July 9, 2019

I like to think of my apartment as an atelier–not a studio, an atelier–which is no doubt part of the reason I find the photos of this dinner party so appealing. Held in a lofty, skylit artist’s studio in East Nashville, Tennessee, the event was designed and styled by Jenn Elliot Blake of A Blog Named Scout for Anthology Magazine. Complete with painter’s drop cloths, splatter-painted brushes in earthenware jars, wild vines, and, of course, art on the walls, the whole scene is something we’d like to re-create.

Atelier photographs by Amy Dickerson courtesy of Anthology Magazine.

The studio belongs to painter Emily Leonard; she and Jenn pulled together the setup with help from Emily’s husband, Sloane, who built the table for the occasion. The rustic benches were rented from a nearby antiques shop. The painter’s drop cloth was left as is (paint and oil stains included).
Above: The studio belongs to painter Emily Leonard; she and Jenn pulled together the setup with help from Emily’s husband, Sloane, who built the table for the occasion. The rustic benches were rented from a nearby antiques shop. The painter’s drop cloth was left as is (paint and oil stains included).
 Above L: The studio is set in a midcentury industrial space; the paintings on display are Emily’s own. Above R: New and old brushes in ceramic mugs mingle with the floral centerpieces.
Above L: The studio is set in a midcentury industrial space; the paintings on display are Emily’s own. Above R: New and old brushes in ceramic mugs mingle with the floral centerpieces.
Jenn gathered greenery from Emily’s mother’s garden: stems of Lenten roses, local vines, and bright green hellebores.
Above: Jenn gathered greenery from Emily’s mother’s garden: stems of Lenten roses, local vines, and bright green hellebores.

Above: Re-create Sloane’s homemade table with Ikea’s birch Norden Extendable Table, which seats up to 10; $299. The accompanying Norden Benches are also made of birch; $79 each. Or create your own table from found parts: See DIY: An Old-Meets-New Dining Table (for Under $125).

A painter’s Canvas Drop Cloth makes a good tablecloth (as well as floor cloth); the 9-by-12-foot size is $22.54 from Amazon.
Above: A painter’s Canvas Drop Cloth makes a good tablecloth (as well as floor cloth); the 9-by-12-foot size is $22.54 from Amazon.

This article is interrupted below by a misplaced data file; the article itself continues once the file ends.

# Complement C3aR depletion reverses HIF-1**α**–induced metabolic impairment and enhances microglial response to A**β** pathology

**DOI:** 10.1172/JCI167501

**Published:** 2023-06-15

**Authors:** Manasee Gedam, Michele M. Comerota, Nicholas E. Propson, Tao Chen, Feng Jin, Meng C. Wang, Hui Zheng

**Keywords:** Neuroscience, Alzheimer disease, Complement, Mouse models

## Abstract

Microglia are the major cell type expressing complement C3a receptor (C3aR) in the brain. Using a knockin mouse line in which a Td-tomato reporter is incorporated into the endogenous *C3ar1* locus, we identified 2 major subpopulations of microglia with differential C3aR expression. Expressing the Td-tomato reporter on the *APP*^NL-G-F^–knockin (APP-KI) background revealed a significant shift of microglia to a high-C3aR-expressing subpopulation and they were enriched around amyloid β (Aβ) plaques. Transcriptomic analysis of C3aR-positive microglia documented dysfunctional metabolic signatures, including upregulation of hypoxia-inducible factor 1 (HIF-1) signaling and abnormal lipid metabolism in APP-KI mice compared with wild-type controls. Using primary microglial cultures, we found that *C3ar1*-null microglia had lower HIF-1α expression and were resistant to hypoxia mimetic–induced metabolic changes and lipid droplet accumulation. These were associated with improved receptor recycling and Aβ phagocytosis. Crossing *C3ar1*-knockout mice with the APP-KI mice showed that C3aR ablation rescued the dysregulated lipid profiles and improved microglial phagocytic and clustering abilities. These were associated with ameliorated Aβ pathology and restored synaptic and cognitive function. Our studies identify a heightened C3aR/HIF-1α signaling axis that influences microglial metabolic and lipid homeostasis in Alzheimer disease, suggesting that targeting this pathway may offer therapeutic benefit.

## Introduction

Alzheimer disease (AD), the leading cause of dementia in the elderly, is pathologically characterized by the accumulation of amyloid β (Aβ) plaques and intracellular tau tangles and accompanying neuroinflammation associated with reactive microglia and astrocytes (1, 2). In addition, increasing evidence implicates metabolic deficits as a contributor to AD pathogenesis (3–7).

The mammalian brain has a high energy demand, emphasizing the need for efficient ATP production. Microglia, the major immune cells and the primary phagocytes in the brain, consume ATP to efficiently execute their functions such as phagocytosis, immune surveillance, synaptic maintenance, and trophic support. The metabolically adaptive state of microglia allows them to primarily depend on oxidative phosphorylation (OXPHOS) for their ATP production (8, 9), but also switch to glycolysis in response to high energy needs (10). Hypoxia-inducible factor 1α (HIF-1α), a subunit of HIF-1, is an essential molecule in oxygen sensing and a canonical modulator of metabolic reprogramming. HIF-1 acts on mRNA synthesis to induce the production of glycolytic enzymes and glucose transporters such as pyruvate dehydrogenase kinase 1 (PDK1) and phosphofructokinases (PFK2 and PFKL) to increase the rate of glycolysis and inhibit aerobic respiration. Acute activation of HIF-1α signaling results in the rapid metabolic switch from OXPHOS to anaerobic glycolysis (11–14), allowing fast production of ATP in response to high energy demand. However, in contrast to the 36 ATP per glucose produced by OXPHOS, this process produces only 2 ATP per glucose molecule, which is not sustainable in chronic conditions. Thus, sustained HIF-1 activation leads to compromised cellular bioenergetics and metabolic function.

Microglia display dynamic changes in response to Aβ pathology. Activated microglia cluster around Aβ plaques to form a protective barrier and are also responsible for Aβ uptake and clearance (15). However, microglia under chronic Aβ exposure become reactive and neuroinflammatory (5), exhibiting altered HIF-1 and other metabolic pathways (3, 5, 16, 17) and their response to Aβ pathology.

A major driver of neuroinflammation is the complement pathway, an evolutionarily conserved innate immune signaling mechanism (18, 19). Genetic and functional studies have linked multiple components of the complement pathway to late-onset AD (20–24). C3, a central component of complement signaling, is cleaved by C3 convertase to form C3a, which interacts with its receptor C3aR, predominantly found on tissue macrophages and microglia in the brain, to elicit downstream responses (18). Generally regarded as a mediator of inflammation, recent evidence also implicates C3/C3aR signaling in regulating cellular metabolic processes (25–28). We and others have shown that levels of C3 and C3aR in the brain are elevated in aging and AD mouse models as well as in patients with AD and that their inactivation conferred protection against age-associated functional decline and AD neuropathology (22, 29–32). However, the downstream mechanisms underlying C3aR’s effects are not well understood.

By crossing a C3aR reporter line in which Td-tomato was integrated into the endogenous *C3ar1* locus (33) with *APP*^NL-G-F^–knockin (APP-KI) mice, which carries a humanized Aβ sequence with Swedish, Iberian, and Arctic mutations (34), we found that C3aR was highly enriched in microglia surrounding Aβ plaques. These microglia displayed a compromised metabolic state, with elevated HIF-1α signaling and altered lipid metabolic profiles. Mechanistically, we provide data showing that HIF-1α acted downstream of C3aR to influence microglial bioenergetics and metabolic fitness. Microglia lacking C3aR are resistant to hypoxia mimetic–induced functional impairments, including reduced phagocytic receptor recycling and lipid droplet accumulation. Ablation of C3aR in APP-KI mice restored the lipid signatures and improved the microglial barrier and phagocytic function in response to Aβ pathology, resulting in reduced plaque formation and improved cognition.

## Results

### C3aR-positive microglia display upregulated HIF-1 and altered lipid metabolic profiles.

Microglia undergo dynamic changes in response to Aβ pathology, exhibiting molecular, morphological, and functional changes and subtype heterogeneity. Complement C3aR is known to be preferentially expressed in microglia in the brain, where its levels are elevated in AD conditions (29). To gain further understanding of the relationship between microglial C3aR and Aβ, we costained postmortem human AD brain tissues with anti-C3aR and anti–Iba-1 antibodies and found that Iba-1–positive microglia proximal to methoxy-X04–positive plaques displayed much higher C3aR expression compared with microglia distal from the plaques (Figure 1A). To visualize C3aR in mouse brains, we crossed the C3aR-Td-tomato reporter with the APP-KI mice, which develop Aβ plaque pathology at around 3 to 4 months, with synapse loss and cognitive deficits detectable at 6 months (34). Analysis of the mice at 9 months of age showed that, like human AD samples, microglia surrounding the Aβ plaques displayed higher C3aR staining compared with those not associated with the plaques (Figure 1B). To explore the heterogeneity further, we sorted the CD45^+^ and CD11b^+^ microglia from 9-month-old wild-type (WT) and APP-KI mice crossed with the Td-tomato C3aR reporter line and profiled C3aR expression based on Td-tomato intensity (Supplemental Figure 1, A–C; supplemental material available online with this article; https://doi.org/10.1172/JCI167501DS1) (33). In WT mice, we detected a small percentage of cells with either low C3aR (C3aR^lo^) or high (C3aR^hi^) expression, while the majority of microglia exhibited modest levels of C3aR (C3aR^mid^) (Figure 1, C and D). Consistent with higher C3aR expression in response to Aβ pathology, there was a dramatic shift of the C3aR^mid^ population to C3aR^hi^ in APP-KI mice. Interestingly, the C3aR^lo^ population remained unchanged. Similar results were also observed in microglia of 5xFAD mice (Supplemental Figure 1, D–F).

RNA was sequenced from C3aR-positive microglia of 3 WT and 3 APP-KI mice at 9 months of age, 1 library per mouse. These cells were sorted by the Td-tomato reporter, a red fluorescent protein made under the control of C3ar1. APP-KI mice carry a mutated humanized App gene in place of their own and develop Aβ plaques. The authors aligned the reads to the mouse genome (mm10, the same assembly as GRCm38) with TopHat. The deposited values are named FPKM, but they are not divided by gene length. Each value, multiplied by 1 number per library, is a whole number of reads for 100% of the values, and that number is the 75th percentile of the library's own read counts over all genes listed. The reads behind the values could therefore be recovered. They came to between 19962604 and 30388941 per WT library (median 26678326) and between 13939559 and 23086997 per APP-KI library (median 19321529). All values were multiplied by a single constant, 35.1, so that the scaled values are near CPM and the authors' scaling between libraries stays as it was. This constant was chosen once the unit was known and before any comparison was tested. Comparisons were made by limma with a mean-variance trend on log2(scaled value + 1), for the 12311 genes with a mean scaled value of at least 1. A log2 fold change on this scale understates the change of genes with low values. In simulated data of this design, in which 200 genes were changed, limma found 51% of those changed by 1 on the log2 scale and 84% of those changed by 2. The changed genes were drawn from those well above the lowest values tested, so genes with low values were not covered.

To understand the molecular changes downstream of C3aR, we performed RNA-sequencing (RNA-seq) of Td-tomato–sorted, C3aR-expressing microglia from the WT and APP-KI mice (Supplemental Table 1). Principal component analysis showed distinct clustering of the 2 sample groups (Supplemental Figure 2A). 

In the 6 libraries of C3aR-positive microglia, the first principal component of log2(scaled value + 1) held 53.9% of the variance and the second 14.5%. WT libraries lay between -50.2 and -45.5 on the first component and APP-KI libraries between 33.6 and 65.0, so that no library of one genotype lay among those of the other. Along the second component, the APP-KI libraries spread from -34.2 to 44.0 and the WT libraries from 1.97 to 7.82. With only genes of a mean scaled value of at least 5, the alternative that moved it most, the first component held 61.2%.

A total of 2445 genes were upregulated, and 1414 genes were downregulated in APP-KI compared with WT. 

The go-to water glasses: Ball’s 8 oz Quilted Crystal Jelly Mason Jars ($8.99 for 12) and 16 oz Wide-Mouth Mason Jars ($12.99 for 12), both from Ace Hardware.
Above: The go-to water glasses: Ball’s 8 oz Quilted Crystal Jelly Mason Jars ($8.99 for 12) and 16 oz Wide-Mouth Mason Jars ($12.99 for 12), both from Ace Hardware.
Above: Source silver-plated flatware in mismatched sets from flea markets, or consider Silverplate Table Settings, five pieces each–a knife, dinner fork, salad fork, large spoon, and teaspoon; $35 per set on Etsy.
For large parties, Ikea’s Svalka White Wine Glasses are good to have on hand in multiples; $4.79 for a set of six (marked down to $1.92 through December 23). For more ideas, see 10 Easy Pieces: Entertaining Essentials.
Above: For large parties, Ikea’s Svalka White Wine Glasses are good to have on hand in multiples; $4.79 for a set of six (marked down to $1.92 through December 23). For more ideas, see 10 Easy Pieces: Entertaining Essentials.
A collection of Artist’s Loft Marseille Brushes in various lengths, brush shapes, and fibers are available through Michaels. Photograph via Meredith Arnold.
Above: A collection of Artist’s Loft Marseille Brushes in various lengths, brush shapes, and fibers are available through Michaels. Photograph via Meredith Arnold.
Create name tags by sourcing an inexpensive Flat Chip Paint Brush ($9.97 for a pack of 15 from Home Depot) and splatter painting the handle. Then attach a name card using a Brass Thumb Tack ($4.61 for a pack of 200 from Amazon). Drawing paper works well as placemats. These display the menu, which was made using an old-fashioned plastic label maker (such as the Dymo Organizer Xpress, $13.88 from Walmart) and affixing the labels to a sturdy piece of cardboard. Jenn then overlaid the cardboard with paper and used colored pencil to create a menu rubbing.
Above: Create name tags by sourcing an inexpensive Flat Chip Paint Brush ($9.97 for a pack of 15 from Home Depot) and splatter painting the handle. Then attach a name card using a Brass Thumb Tack ($4.61 for a pack of 200 from Amazon). Drawing paper works well as placemats. These display the menu, which was made using an old-fashioned plastic label maker (such as the Dymo Organizer Xpress, $13.88 from Walmart) and affixing the labels to a sturdy piece of cardboard. Jenn then overlaid the cardboard with paper and used colored pencil to create a menu rubbing.
Utopia Center Stripe Dish Towels are 100 percent cotton and work well as napkins; $9.99 for 12 on Amazon.
Above: Utopia Center Stripe Dish Towels are 100 percent cotton and work well as napkins; $9.99 for 12 on Amazon.

Ready to take the look to the next level? Try:

This post is an update; the original ran on November 23, 2013, as part of our Dining and Entertaining issue.